As Dave, his face flushing more hotly than ever, read through these lines he was conscious of the jeering gaze of the upper class men. He was interrupted, at times, by cries of fervid but mock admiration.
“I feel,” announced Mr. Hurlburt, wiping his eyes with his handkerchief, “that I am indeed honored in being one of the humbler students at this great school on which our beloved comrade has shed the luster of his presence.”
“It seems almost profane to look at such a young man, except through smoked glasses,” protested Midshipman Heath.
“What’s your name, mister?” demanded Midshipman Brooks.
“Darrin, sir,” Dave answered, with the becoming meekness of a fourth class man.
“Any relative of the Darrin mentioned in the elegy you have just been reading?”
“I hope not, sir,” replied Dave, fighting to stifle a grin, though it was a sheepish one.
“Mister,” stormed Midshipman Denton, “you are attempting to deceive us!”
Dave gazed meekly but inquiringly at the last speaker.
“You are trying to evade the fact that you are the real Darrin, the identical hero whom the ‘Bazoo’ so lovingly, so reverently describes. Deceit fills your system, mister! You will stand on your head long enough to let it run out of you.”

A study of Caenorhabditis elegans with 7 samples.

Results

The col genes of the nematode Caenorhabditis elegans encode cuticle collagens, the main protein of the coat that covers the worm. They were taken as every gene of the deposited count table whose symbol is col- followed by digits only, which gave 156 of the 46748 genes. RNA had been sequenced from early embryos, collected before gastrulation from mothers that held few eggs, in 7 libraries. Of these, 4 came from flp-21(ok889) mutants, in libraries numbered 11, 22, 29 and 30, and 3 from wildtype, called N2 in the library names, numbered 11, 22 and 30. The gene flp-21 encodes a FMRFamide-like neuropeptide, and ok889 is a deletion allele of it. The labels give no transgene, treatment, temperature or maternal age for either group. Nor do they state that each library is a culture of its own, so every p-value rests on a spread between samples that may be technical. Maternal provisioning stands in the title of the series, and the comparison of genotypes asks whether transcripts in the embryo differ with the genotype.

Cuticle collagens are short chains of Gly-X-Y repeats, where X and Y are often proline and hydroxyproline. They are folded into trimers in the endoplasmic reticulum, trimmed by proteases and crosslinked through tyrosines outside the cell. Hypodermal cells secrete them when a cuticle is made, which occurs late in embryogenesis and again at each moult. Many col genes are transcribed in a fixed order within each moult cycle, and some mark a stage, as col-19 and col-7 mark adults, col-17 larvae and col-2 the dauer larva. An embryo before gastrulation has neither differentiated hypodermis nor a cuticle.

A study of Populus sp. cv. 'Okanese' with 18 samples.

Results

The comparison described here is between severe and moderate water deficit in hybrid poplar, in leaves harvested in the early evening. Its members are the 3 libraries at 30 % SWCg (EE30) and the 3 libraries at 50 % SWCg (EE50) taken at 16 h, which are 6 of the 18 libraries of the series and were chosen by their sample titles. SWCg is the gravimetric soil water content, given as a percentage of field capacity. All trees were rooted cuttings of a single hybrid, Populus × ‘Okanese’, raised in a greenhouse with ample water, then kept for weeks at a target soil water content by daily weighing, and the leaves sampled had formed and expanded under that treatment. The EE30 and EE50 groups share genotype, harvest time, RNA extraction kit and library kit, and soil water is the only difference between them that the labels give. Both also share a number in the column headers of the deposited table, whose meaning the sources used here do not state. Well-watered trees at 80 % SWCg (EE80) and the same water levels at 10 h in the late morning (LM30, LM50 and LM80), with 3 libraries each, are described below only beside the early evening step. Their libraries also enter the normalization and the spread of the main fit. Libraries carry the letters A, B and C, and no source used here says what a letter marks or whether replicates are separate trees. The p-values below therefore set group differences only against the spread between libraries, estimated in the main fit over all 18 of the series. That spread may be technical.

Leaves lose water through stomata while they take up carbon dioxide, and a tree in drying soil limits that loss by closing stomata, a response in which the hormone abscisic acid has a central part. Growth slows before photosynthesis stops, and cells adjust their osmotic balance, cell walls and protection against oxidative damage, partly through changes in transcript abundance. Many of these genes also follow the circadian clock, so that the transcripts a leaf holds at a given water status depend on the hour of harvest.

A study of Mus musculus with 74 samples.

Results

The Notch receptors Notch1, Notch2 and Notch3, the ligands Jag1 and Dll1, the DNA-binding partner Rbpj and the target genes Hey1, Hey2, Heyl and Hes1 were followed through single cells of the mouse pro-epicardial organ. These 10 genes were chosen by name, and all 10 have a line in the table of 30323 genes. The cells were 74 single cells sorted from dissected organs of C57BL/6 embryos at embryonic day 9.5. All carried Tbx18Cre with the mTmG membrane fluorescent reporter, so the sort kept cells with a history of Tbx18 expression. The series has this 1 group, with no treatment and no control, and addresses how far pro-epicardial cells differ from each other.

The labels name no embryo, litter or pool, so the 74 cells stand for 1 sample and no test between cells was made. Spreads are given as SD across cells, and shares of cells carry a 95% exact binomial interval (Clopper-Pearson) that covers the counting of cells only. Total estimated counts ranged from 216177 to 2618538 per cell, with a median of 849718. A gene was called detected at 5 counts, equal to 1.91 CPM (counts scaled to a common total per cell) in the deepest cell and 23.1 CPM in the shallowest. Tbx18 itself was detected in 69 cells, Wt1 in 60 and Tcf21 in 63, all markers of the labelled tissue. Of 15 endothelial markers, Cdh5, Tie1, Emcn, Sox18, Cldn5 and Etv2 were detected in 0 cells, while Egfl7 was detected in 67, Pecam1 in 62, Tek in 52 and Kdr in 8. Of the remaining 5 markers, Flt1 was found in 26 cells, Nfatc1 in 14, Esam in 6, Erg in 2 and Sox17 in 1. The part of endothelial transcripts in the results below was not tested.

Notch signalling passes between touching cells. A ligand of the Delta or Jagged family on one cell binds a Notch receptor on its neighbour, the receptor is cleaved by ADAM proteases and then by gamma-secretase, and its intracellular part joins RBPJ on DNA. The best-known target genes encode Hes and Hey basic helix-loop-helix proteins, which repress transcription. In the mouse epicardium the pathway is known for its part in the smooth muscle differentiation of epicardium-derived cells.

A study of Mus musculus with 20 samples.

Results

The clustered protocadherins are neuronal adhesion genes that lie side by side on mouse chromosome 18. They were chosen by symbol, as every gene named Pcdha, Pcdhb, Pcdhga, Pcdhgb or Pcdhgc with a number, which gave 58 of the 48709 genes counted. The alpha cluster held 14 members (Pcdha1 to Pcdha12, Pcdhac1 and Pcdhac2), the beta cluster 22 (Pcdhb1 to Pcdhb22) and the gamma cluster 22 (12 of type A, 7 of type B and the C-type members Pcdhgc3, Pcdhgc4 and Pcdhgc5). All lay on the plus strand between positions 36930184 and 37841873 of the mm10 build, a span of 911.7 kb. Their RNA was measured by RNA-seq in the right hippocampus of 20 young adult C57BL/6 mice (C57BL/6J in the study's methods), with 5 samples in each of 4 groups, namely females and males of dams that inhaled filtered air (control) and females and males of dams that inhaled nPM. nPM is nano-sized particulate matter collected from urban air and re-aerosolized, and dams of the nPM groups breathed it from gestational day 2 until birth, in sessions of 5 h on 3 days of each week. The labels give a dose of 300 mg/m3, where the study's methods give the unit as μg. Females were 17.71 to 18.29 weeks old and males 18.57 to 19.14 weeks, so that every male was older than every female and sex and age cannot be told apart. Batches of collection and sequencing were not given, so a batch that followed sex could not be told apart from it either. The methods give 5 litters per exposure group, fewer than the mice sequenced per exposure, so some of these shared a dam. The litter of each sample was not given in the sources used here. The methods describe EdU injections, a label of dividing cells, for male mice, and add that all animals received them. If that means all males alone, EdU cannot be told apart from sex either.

Midshipman Paulson, though an inveterate “runner” of fourth class men, had some regard for the dangers of overstaying the visit, and kept his left eye on the time.
Darrin, standing on his head, became redder of face than ever, for all the blood in his body seemed to be running downward. At last he became so unsteady that twice his feet slipped along the wall, and he had to return to his attitude of standing on his head.
“Better let up on the beast, Paulson,” murmured Midshipman Brooks.
“Yes,” agreed Paulson. “The warning bell will go in a minute more. Mister, on your feet!”
Dave promptly returned to normal attitude, standing respectfully at attention.
“Mister,” continued Paulson, “you will be allowed to retain this marked copy of the ‘Bazoo.’ You are warned to keep it out of sight, ordinarily, that none of the discipline officers may find it. But you will continue to refer to it several times daily, until you are sure that you have committed all of the marked paragraphs to heart, so that you can reel them off in song or in declamation. And you will be prepared, at all times, to favor any of the upper class men with these selections, whenever called for. Good night, mister!
“Good night, sir.”
Dave returned the salutations of each of the departing visitors. Just as Brooks, the last of the lot, was passing through the doorway, the warning bell before taps sounded.
For a moment Dave Darrin, his face still red, stood behind the closed door, shaking his fist after the departing visitors.
“Why didn’t you shake your fist while they were in the room?” asked Dalzell bluntly.